Cannes Film Business is Buoyant — If Films Are Made for a Price

Variety | 5/18/2019 | John Hopewell

Moszkowicz wasn’t just quoting the title of Jim Jarmusch’s Festival Cannes opening movie, a zombie film set in small-town America. He was also implying that there are more movies coming to Cannes with commercial potential. And the good news for distributors like Moszkowicz is that these movie are cheaper to buy. To be sure, that’s not such a positive development for producers hoping to make a big profit on their latest projects.

Years - Cannes - Signs - Number - Movies

After several years of cautious dealmaking at Cannes, there are signs that a larger number of movies are being sold at this year’s festival. Whether that points to full market rebound, however, is questionable. The larger picture is mixed. You could almost hear the industry collectively exhale on Friday when in the space of a few hours Amazon Studios ponied up $1.5 million for U.S. rights to “Les Misérables,” writer-director Ladj Ly’s feature-length narrative film debut, and Paramount paid nearly $50 million for the rights to the Chris Hemsworth and Tiffany Haddish comedy “Down Under Cover.”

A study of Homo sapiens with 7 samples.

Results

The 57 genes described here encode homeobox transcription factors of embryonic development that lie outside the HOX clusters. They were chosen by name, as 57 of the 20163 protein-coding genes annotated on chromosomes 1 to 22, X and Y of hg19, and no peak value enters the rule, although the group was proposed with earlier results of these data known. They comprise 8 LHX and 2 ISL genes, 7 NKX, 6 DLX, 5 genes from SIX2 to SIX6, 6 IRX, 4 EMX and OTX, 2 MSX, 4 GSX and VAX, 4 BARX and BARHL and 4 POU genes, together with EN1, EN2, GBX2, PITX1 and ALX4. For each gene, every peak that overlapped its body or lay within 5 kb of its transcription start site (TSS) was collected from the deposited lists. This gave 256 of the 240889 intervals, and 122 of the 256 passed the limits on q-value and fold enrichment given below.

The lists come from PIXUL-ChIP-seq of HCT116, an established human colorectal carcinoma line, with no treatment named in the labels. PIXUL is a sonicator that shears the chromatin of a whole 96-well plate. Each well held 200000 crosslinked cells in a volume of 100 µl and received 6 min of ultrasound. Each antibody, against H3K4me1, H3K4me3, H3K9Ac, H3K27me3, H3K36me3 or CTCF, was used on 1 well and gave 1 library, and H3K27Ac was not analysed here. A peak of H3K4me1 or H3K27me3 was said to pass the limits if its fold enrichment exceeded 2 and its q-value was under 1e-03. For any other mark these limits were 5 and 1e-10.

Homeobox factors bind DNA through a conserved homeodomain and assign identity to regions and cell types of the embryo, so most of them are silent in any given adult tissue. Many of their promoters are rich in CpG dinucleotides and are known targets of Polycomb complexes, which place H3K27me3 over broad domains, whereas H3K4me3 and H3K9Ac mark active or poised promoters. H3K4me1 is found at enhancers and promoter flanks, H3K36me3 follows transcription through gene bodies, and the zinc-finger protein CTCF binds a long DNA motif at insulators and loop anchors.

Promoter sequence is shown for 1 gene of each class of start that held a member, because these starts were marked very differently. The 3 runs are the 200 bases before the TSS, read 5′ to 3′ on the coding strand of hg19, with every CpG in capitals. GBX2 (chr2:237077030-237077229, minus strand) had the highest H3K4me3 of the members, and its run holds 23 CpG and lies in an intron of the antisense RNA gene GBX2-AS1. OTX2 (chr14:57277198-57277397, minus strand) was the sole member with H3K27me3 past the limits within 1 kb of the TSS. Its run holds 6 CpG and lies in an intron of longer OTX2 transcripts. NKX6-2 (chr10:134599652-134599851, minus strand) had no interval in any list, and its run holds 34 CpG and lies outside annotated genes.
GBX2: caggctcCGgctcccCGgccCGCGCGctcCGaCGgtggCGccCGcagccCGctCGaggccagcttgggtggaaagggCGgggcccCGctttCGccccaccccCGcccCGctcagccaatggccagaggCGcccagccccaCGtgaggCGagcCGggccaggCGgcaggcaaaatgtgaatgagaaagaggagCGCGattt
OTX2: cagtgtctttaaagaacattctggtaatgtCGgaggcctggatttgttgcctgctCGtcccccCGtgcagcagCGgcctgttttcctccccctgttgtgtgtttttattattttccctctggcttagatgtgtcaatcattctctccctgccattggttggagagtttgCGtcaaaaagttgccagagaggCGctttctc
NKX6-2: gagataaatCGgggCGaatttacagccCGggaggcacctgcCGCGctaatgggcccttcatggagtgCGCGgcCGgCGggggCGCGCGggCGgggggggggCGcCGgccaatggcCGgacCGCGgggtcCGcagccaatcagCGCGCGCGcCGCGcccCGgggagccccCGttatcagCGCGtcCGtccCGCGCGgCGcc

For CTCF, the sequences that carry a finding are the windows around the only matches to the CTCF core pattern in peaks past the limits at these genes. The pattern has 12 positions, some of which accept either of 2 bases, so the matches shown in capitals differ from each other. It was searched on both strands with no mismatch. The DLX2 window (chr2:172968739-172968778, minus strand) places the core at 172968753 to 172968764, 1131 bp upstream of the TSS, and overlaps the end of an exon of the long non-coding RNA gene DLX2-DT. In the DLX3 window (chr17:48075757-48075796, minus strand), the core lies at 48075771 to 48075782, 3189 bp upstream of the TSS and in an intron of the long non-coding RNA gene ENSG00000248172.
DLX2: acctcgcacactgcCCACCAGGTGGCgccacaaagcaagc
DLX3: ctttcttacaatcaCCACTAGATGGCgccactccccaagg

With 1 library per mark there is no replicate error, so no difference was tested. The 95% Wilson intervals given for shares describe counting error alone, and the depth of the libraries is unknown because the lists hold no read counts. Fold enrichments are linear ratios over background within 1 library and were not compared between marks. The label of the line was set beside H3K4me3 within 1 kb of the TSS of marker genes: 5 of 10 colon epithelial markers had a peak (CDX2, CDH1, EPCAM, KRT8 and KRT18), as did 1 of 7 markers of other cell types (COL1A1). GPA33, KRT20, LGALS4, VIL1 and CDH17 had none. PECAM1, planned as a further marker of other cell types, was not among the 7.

“This will be our second year running with record sales during Cannes,” said FilmNation CEO Glen Basner, who sold “Down Under Cover.” “It feels like there is some stabilization in the market, but focused primarily on films that are clear theatrical propositions.”

Down - Cover - Project - Cannes - Distribution

“Down Under Cover” isn’t the only big project that will likely leave Cannes with major distribution deals. Roland Emmerich’s “Moonfall,” sold by AGC Studios and CAA Media Finance, had been bought in such major territories as Latin America and Germany, despite carrying a $150 million budget. The movie was originally set up at Universal, which later put it into turnaround, prompting the filmmakers to piece together funding independently.